In the six months between the pubs code becoming law on 21 July up to 21 January, Newby has revealed that he received a total of 121 requests for arbitration – more than 20 every month.
This shows that requests from tenants for arbitration are speeding up; with figures in November showing that 79 requests for arbitration had been received over four months – a figure that works at as slightly lower than 20 every month.
The leading issues for arbitration are whether pubcos are issuing full responses to requests for a market-rent-only (MRO) option and what they need to provide tenants with at the time of rent assessments, according to Newby's office.
Commenting on the figures, Newby said: "Calls are continuing to be received by the PCA at a high rate and referrals for arbitration are still rising. This is a very significant level of engagement from tied pub tenants. I am receiving a great deal of information and I am building a good picture of what is happening in the industry.
The adjudicator has emphasised the "complex" nature of several of the referrals that he has received, saying: "I am committed to resolving all arbitrations without undue delay. However, some are complex cases and, as the legislation is new, many are the first of a kind.
"They cannot be completed overnight and each party must be given an opportunity to make their case. Individual cases and the requirements of the parties will be different in each case. There can be no one-size-that-fits-all in terms of the length of time a case will take."
More than 400 enquiries
When the code took effect, a code enquiry line was also set up. The latest statistics released show that 435 enquiries have been received by that line in the past six months, with 91% of the enquiries coming from tied tenants or their representatives.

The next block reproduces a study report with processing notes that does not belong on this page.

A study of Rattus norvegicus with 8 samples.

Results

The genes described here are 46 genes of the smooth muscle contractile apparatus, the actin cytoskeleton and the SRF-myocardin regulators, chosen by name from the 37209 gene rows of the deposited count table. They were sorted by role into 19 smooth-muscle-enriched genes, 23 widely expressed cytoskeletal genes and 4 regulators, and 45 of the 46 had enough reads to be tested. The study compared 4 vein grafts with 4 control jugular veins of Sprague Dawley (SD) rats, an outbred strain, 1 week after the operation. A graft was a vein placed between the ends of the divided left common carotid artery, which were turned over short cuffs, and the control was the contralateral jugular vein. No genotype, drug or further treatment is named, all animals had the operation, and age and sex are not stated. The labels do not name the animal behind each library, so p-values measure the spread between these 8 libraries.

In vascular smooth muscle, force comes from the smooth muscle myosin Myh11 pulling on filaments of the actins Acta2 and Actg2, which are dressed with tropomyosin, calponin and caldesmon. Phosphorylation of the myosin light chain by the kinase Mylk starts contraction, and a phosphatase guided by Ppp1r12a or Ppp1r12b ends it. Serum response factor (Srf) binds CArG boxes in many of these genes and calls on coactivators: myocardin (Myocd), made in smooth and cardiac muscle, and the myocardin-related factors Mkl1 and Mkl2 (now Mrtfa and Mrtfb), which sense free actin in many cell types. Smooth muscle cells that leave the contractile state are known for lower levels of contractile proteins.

The line has primarily received enquiries around rent assessments, MRO and tenancy renewal. Newby said that the figures show "the scale of the task for the pubs code adjudicator".
"The figures I have released today also demonstrate the scale of the task for the PCA. I am working with my team to deal efficiently and effectively with the referrals. In recent weeks, I have increased my office resources to support this work and I expect some of the early cases to be completed shortly," he said.
'Need for further guidance'
Commenting on the figures, the chair of the British Beer & Pub Association Brigid Simmonds said: "There is clearly good awareness of the code and this serves to highlight the need for further guidance from the adjudicator over the coming months, and we and our members are working closely with his office.
"We also now have an opportunity to show the benefits of tenancies and leases with supply agreements and continue to build on the industry’s own voluntary schemes, as we have seen the PGB (Pub Governing Body) do today, with the announcement that those in the part of the sector subject to statutory regulation can now opt to have the benefits of the PIRRS (Pubs Independent Rent Review Scheme) service."